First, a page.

There is no pithier summation of the right startup philosophy than this quotation by Professor Amar Bhide of Columbia University. One means of gambling as few resources as possible is via use of the virtual corporation strategy early on and for as long as it makes economic sense to do so.
The Virtual Corporation Strategy
Veteran entrepreneurs aim for as few “moving parts” as possible during the start-up phase. This means that they frequently outsource most business functions to outside parties in order to focus their attention and limited resources on their core strength. The objective is to free yourself to do what you do best and let others do what they do best on your behalf. It’s also a means of reducing or eliminating altogether the need for investment in inventory and fixed overhead. This is called the “Virtual Corporation” strategy.
For example, let’s look at an entrepreneur whose personal forte is marketing. She is looking at introducing a new and unproven product into the market-place. In order to keep both start-up and fixed costs down to a minimum, as well as to enable herself to focus her time and energy on what she does best (aka, her “core” activity, marketing), she decides to subcontract as follows:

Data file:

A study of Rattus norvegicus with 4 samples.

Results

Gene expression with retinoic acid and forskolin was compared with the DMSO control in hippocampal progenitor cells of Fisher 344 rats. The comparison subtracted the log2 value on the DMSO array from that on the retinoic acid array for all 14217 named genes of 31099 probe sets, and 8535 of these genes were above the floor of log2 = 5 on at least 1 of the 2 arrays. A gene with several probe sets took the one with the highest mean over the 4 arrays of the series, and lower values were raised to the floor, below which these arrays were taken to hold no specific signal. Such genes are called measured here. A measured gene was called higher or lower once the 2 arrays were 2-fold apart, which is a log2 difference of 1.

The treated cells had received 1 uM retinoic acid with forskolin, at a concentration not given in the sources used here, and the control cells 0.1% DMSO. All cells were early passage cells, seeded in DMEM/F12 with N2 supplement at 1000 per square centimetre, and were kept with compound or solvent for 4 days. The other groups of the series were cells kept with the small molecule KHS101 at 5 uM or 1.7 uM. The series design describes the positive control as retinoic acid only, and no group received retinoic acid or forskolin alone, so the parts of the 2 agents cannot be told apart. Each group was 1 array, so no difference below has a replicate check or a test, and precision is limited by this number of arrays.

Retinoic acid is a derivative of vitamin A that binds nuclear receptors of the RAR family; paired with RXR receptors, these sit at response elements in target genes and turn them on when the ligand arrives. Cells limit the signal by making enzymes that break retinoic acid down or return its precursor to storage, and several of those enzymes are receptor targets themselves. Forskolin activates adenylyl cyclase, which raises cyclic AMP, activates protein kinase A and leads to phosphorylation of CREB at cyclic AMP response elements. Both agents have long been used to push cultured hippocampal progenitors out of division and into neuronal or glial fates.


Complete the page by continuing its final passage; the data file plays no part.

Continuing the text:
-product design work to an engineering firm
-production to a manufacturer
-order taking and shipping to a fulfillment house.
Doing so not only allows her to keep her start-up costs to an absolute minimum because she avoids investing in her own equipment, facilities, and staff, but she turns what would normally be fixed costs into variable costs. While outside talent and rented assets may cost more by the hour they can be utilized more flexibly. If demand for the entrepreneur’s product stops so does her demand for her contractors’ services.
For these reasons this approach is known as the “virtual corporation”. To the outside world it has the “look and feel” of a fully-integrated company, but in reality it may be no more than a single-owner-operated home business working with a number of third-parties.
The key to successfully using the virtual corporation strategy is to always retain responsibility for the core function which gives your company its competitive advantage. In our example, another entrepreneur whose strength is engineering would subcontract out the sales and marketing functions and retain responsibility for design work.
As with everything, there is a trade-off. The main trade-off for the virtual corporation is a lower profit margin because independent contractors will factor a profit margin into their prices which then has to come out of the entrepreneur’s profit if she cannot pass it along to her customers via a higher price.
Once an entrepreneur has proven the viability of his venture he should consider moving towards a more traditional structure by bringing back functions in-house whenever it’s economically viable to do so. Although his required capital investment will then increase, so will his profit margins.
More information can be found on the virtual corporation here.
Know your breakeven point and strive to keep it as low as possible. Breakeven analysis is a key tool in business planning.